Shabbat 59

Among the head and hair ornaments discussed in today’s daf (Shabbat 59b) that according to rabbinic law may or may not be worn in a public domain on Shabbat is a כלילא, a tiara.

Significantly, the Gemara discusses two types of כלילא: (i) One that is made from a hammered piece of gold or silver, and, (ii) one that is made of fabric on which precious stones and gold pieces are attached, and in our Gemara, different opinions are offered and different interpretations of these opinions are presented either to permit or forbid the wearing of each type of כלילא.

However, what particularly interests me is the story we are told concerning Levi – about whom the Gemara goes out of its way to inform us had only recently moved to Nehardea – who ‘taught in Nehardea that it is permitted to wear a כלילא (on Shabbat)’. The Gemara then records that, in response to Levi’s permissive ruling, twenty-four different women who possessed tiara’s and who had never worn them on Shabbat in public were seen doing so.

As mentioned, Levi was a newcomer and an ‘outsider’ to Nehardea, and as someone who visits different Jewish communities around the world I can attest to the fact that it takes a while for outsiders to grasp the nuanced and historic interrelationships that exist between individuals and institutions in any given community. Given this, outsiders should think very carefully before deciding to share their opinions about how specific communities operate.

At the same time, it should also be noted that outsiders also have the gift of perspective, and if they are given sufficent understanding of a given community where they may be visiting or where they may have recently moved to, they can often identify challenges and opportunities that others, who may have been in the community for many years, have somehow overlooked.

But there is a second element to this story, and this concerns the fact that once Levi presented his position, twenty-four different women who possessed tiara’s and who had never worn them on Shabbat in public were seen doing so. Of course, some people may find the very example of a tiara of amusement since this was a precious item that few could afford. Still, what this teaches us is that there are many people who may not explicitly raise halachic queries from religious guides about specific actions, but who are deeply grateful when rulings are issued that permit something that they’ve always wished to do.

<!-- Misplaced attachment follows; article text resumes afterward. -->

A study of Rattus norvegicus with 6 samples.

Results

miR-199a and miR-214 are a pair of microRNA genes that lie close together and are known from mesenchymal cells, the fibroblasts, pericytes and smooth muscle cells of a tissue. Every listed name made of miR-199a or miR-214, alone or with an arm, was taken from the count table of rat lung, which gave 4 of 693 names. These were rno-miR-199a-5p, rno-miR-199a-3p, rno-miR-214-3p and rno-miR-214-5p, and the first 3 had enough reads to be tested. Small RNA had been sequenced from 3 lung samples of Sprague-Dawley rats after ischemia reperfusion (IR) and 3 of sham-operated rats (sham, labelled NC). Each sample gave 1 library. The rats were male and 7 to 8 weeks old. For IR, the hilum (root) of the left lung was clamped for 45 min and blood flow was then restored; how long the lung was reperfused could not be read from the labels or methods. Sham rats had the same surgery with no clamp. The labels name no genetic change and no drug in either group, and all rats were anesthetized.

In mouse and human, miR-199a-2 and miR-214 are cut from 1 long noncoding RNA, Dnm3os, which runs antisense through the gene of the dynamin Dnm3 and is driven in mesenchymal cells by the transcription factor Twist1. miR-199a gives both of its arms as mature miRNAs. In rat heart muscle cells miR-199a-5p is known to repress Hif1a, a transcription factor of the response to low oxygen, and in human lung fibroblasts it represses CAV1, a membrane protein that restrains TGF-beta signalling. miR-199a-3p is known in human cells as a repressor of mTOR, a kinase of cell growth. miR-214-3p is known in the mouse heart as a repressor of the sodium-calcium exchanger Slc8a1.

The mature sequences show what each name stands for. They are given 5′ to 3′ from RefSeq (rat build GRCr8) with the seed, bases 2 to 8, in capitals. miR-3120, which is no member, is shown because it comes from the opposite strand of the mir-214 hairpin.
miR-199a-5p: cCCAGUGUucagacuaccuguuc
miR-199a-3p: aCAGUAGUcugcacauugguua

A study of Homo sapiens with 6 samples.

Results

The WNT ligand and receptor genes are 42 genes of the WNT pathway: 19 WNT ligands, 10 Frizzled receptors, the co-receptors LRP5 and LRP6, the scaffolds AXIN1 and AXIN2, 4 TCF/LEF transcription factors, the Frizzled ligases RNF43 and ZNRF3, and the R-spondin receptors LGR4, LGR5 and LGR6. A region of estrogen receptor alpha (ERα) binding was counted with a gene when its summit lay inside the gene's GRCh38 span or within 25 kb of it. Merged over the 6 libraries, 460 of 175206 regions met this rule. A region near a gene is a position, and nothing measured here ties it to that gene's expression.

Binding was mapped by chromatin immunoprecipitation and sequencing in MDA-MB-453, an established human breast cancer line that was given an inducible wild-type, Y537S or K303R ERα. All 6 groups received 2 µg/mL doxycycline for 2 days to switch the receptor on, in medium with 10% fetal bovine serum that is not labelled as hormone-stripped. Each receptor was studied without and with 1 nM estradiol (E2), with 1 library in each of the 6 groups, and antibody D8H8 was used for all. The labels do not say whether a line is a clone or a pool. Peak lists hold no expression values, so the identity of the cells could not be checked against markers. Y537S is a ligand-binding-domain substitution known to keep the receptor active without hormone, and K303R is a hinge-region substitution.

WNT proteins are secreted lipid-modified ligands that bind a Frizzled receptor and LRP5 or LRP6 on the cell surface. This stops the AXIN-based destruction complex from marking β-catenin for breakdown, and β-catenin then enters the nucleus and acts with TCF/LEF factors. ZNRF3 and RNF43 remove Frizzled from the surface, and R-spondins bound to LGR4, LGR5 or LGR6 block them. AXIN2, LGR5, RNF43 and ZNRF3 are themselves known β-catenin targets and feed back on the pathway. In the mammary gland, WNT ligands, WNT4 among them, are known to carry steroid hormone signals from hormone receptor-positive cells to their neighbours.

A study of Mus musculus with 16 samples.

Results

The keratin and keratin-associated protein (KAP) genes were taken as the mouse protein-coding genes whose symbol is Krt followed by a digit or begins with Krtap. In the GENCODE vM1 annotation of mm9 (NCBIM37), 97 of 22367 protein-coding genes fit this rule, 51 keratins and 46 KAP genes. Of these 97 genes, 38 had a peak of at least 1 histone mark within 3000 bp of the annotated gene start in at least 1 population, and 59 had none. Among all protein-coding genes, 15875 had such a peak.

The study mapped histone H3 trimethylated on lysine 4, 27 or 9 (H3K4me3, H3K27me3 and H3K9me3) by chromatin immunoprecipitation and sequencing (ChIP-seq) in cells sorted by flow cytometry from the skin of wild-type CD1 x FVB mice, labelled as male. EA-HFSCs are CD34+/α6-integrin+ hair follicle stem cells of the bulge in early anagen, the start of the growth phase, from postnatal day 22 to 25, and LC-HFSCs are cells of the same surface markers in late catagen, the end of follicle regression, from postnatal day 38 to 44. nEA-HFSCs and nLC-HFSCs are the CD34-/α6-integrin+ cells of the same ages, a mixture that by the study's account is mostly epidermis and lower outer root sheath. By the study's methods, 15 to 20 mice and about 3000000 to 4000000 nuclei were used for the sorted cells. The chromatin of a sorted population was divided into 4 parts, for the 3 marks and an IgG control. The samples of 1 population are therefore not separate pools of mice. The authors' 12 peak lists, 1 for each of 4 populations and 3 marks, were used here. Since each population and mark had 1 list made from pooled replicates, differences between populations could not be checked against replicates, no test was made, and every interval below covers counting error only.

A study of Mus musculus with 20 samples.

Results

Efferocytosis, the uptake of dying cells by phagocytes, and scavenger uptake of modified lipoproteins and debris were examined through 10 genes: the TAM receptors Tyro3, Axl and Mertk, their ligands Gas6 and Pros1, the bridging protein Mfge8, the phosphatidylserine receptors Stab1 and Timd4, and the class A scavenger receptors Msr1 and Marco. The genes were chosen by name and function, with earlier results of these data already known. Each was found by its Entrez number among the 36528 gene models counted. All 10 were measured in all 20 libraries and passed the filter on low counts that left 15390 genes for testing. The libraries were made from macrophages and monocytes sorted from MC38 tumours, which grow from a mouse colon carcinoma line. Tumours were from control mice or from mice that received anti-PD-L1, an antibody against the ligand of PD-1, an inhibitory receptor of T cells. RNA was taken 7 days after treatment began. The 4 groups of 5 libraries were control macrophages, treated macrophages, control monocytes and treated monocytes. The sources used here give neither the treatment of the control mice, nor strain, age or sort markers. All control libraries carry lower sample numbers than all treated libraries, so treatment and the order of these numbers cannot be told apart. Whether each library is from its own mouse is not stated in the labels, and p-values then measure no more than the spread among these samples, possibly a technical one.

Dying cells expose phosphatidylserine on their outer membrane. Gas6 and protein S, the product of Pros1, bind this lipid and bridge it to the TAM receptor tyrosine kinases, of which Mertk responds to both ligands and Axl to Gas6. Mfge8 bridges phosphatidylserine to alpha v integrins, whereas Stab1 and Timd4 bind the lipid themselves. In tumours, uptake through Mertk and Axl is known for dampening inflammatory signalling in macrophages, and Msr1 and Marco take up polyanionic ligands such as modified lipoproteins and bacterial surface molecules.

Though there are many examples we can offer on this point, one that brings back a powerful memory for me concerns Shabbat Eruvim (which permit the carrying and pushing of items on Shabbat outside of private homes). While much of my life in the UK was based in a town called Edgware (where an Eruv has been operational since 2006), it so happened that I spent the first Shabbat when the first major London Eruv (known as the ‘North-West London Eruv’) was operational (in February 2003) with some dear friends in Golders Green, and like Nehardea where ‘twenty-four tiaras emerged’, on that given Shabbat, hundreds of people who, for reasons of disability or other limitations due to having young children had not meaningfully left their home on Shabbat, ‘emerged’ from their homes and had a wholly different Shabbat experience.

Clearly this speaks volumes about the need for community leaders to do all they can to provide halachic solutions for their community. But what is no less important to note, both about the women in Nehardea and about many of those who ‘emerged’ from their homes that Shabbat, is that perhaps only a handful of people necessarily raised halachic queries from religious guides about such actions prior to permission being granted.

Undoubtedly, religious leaders – like all leaders – must prioritise. However, my many years of observing religious leaders has taught me that that they often prioritise the issues that are most regularly and most vocally expressed by those with whom they are in regular contact, yet they can at times overlook the fact that there are many people who struggle with different issues, who do not explicitly raise halachic queries, and who wait in silence to be noticed, to be heard, and for their needs to be met. Sometimes this happens, sometimes it doesn’t, and sometimes it takes an outsider to see what locals cannot see.